London and North Eastern Railway v. Berriman

CITATION[1946] AC 278
JUDGES/CORAMLord Simonds, Lord Porter, and Lord MacMillan


Statutory interpretation is a function done by courts all across the globe. The focus of the exercise of interpretation is the words used in the impugned legislation or statute. In interpreting and construing any given statute, there are essentially three rules which the courts may put to use, apart from language and other materials: the Literal rule, the Golden rule, and the Mischief rule. The first rule relies upon the actual meaning of the word by the dictionary, grammar, and natural usage. In the present case, the learned judges relied upon the literal interpretation of the concerned statute to arrive at a verdict.


The facts of the case are as follows: A railway worker was killed while he was oiling the railway track. No lookout for the person had been provided either by the railway authorities. The widow sought compensation of her husband’s death from the railway authority, i.e., from London and North Eastern Railways. A statute provided compensation payable on death for those ‘relaying or repairing’ the track. As per the final judgment on the case, the widow was not entitled to her compensation.


The main issue in the case is: Whether or not the widow of the deceased railway worker was entitled to compensation on her husband’s death.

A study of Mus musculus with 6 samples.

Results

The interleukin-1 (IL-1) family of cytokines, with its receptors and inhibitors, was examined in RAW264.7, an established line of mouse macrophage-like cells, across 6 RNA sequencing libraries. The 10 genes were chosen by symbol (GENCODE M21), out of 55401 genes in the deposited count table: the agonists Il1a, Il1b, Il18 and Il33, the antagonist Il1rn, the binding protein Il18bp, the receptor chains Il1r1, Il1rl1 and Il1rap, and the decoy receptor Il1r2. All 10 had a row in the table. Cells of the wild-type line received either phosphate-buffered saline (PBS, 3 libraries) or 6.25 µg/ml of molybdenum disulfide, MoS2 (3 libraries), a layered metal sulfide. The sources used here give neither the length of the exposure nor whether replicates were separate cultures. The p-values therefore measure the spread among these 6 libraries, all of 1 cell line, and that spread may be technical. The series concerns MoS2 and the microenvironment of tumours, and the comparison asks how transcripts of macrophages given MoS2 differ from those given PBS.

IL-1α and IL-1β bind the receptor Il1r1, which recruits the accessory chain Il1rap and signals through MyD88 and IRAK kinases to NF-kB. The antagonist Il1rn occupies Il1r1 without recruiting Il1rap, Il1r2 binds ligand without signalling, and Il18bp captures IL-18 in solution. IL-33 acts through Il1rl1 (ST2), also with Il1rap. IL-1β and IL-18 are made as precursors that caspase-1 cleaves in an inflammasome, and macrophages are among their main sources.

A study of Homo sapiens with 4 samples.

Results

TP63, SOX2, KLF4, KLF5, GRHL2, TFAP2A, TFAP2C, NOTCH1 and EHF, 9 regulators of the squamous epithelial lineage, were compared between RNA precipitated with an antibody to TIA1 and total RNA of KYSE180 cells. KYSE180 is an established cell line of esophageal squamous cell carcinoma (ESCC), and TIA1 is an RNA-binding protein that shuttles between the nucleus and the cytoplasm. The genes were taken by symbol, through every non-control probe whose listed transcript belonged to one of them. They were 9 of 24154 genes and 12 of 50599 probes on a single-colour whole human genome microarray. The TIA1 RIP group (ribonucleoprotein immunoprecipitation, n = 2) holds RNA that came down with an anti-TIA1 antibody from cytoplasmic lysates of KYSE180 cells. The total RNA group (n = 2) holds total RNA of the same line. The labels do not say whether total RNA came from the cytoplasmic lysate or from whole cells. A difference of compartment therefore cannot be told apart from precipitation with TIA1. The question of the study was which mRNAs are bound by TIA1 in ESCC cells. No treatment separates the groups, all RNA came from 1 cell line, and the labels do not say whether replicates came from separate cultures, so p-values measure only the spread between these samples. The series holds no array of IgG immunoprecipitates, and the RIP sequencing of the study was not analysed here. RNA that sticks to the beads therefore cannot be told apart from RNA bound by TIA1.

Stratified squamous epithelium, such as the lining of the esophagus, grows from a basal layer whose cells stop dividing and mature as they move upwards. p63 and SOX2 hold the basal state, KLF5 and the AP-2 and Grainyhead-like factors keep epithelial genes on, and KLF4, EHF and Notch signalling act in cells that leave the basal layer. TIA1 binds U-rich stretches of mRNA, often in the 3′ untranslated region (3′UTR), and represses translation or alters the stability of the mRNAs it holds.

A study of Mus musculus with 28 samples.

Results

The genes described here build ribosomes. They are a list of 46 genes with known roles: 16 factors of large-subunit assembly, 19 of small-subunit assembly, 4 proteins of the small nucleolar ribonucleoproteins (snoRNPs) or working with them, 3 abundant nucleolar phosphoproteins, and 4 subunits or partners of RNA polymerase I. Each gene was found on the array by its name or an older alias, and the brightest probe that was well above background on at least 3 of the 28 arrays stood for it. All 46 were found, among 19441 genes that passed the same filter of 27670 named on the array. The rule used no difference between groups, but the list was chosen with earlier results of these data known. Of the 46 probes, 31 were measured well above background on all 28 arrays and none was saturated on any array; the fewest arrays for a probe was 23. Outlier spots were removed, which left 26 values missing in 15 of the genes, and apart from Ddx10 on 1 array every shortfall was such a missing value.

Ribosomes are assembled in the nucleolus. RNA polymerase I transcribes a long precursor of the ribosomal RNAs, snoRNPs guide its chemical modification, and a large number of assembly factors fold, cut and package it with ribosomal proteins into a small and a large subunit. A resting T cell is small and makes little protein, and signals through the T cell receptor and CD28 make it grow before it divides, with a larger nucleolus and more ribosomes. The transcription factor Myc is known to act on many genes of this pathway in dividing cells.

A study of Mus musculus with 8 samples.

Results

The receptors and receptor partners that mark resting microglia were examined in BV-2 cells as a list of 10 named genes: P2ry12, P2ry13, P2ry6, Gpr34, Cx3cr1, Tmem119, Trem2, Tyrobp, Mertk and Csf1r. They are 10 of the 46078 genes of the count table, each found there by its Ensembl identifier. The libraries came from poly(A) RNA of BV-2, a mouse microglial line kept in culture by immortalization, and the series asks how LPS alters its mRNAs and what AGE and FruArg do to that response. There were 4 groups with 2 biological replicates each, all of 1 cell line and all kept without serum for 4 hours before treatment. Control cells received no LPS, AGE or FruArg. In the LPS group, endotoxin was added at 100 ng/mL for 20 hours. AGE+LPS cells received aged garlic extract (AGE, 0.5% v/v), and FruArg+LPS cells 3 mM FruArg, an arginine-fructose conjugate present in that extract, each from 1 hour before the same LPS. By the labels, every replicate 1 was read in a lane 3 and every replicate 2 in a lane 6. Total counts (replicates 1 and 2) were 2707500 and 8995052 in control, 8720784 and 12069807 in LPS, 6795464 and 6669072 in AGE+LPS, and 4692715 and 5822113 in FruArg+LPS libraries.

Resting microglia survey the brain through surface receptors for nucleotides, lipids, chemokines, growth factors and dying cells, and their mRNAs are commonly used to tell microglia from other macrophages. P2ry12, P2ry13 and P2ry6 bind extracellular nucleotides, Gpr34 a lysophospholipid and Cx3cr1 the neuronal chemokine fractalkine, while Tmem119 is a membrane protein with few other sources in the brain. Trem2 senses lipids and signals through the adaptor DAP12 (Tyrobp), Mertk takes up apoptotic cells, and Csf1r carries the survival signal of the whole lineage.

Summary of court decision and judgment

The case involved interpretation of a statute and after due interpretation, the learned judges of the Court held that the widow was not entitled to compensation for the death of her husband while doing railway work as the work of ‘oiling’ did not fall under the categories provided by the statute.


The Literal rule of interpretation is the first rule applied by judges to interpret any statute. As per the rule, the words of a statute are taken to mean as they are in natural usage. In other words, the plain, ordinary, and grammatical meanings of words are used. In the present case, on the application of the literal rule, ‘oiling’ did not fall under either of the categories of ‘relaying or repairing’. Only the latter words were mentioned in the statute which provided for compensation.



In my opinion, the Court’s decision was incorrect. It was flawed because the statute provided for compensation for the death of workers during ‘relay or repair’; both the words are connected with the actual work undertaken during the course of employment. The work of oiling was also a work in the course of employment of the deceased worker, and hence, his widow should have been entitled to compensation. Restricting the compensation just because the oiling was not literally incorporated in the statute was not a correct verdict on the Court’s part.